The 2017 Tax Act doubled the standard deduction individuals automatically get when they file their taxes — a change that put more money in many taxpayers' pockets but also reduced the tax advantages of charitable giving for many.
The new tax plan doubled the standard deduction from $6,350 to $12,000 for a single filer and from $12,000 to $24,000 for married couples. In response, the Tax Policy Center predicted that the number of households claiming an itemized deduction for their gifts to nonprofits would decrease from about 37 million to 16 million.
Some local nonprofit officials said they haven't felt the crunch yet, though. The United Way of Greater Chattanooga, The Community Foundation, Metropolitan Ministries and the Hamilton County Baptist Association all said that giving throughout last year was better than expected and even above previous years.
So far, it would seem that Chattanoogans give to make a difference and not for the tax break.
Dennis Culbreth, director of missions for the local Baptist association, said there was record giving at some of the local churches and others had giving comparable to previous years. Culbreth said he and the association's church leaders are optimistic that the tax plan will have a positive impact on the economy and save people money overall.
"Some it might affect, but the majority of folks give not as much for the tax break as they do for the ministry," he says.
Suzy Anthony, vice president of finance and operations at United Way, said giving for the nonprofit was up the entire year and she doesn't expect to see a change, if there is any, until people begin filing taxes in 2019 and 2020. While there are fewer tax benefits to be claimed with a higher standard deduction, Anthony said there seems to be a "misperception" that people's taxes are going to go up or they will have a larger tax liability if they can't deduct charitable donations.
"If a couple was itemizing in the past with $15,000 or $18,000 then now they can still make the same donations and enjoy a $24,000 deduction instead," she explained. "My hope is that people won't notice it, see it or feel financially impacted."
The Community Foundation of Greater Chattanooga didn't see any decreases in giving in 2018 and actually saw an increase in donor participation, said Tina Curtis, who is the senior director of giving strategies. In 2018, the foundation added 25 new funds, just shy of about $12 million in assets.
"Chattanooga is a very charitable community, and I think that no matter who you are, if you've got a giving spirit, you are going to give no matter what the tax situation is," she says.
Curtis also believes it will take a few years for donors to fully understand how the tax law changes will affect them. The foundation works with donors and connects them to nonprofits and missions they want to support. They also provide grants and funding for local organizations.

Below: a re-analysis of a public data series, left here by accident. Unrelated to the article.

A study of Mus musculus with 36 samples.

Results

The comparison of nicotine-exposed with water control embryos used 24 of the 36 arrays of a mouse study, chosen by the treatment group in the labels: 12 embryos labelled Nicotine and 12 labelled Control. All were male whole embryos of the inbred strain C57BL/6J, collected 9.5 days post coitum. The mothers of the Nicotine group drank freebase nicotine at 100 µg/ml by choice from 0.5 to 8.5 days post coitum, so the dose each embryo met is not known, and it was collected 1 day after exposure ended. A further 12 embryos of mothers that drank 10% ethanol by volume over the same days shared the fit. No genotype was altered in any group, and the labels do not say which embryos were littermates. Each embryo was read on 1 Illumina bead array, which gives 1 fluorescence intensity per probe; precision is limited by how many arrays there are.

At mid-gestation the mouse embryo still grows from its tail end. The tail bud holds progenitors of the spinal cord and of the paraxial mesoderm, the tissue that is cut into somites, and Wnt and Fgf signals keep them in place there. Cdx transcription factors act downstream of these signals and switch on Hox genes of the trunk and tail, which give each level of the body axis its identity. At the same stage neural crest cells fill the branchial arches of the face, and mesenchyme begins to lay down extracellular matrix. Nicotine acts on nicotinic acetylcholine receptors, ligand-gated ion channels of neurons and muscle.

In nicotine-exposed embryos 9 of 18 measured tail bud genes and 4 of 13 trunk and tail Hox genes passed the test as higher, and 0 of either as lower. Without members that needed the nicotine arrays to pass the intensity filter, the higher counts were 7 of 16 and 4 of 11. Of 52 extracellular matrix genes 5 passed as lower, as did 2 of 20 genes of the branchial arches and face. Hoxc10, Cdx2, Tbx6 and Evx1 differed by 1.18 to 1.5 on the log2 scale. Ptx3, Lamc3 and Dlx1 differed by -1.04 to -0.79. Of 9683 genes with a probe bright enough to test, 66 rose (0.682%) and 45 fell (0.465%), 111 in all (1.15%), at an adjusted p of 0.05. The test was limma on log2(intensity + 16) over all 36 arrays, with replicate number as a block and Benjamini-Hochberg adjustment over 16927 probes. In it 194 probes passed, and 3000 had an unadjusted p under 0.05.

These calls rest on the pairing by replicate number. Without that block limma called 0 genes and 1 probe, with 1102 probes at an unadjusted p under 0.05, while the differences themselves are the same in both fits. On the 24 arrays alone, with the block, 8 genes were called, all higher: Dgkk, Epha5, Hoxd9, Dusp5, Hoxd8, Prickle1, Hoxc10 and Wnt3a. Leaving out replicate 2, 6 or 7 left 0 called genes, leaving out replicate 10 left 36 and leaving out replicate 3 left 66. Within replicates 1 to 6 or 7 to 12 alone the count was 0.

The Community Foundation does provide donor-advised funds, which could help some taxpayers under the new law. Donor-advised funds are more flexible and personalized and allow donors to give and take a tax deduction in the same year, but the foundation could then disperse the donation to nonprofits over several years.
Without a donor-advised fund, a donor could "bunch," or just give more in one year to rise about the standard deduction and see more tax savings, but then that might leave the nonprofit in a hard spot the years the donor decides not to give.
Anthony also said she thinks there could be an increase in group donations and multi-year gifts that nonprofits can spread out over time.
Metropolitan Ministries, or MetMin, is a local nonprofit that provides emergency financial assistance along with crisis-prevention services. Executive Director Rebecca Whelchel wrote in an email that the nonprofit was anticipating a less generous year-end giving response but actually saw a stronger response than in previous years.
Whelchel said the overall number of givers was down and they didn't hear from some of their usual, "steadfast" donors, but they received a rather large anonymous gift that helped to put them ahead of 2017 figures.
"Yes, the change in the tax law is more than a little terrifying for nonprofits, but it's also an opportunity to engage and empower new givers who have an infant vision of making things better for fellow community members who struggle," Whelchel says.
Whelchel thinks it's more of a "paradigm shift" in donor giving that has less to do with tax laws and more to do with a change of heart. The way people give is changing, and so MetMin has focused the past year on honing their online presence and other development skills to gain new monthly donors.
"I think all nonprofits must take the daily pulse of the community's givers and teach the nongivers about the impact that their blooming generosity has on the real, live people each agency is missioned to care for," Whelchel explains.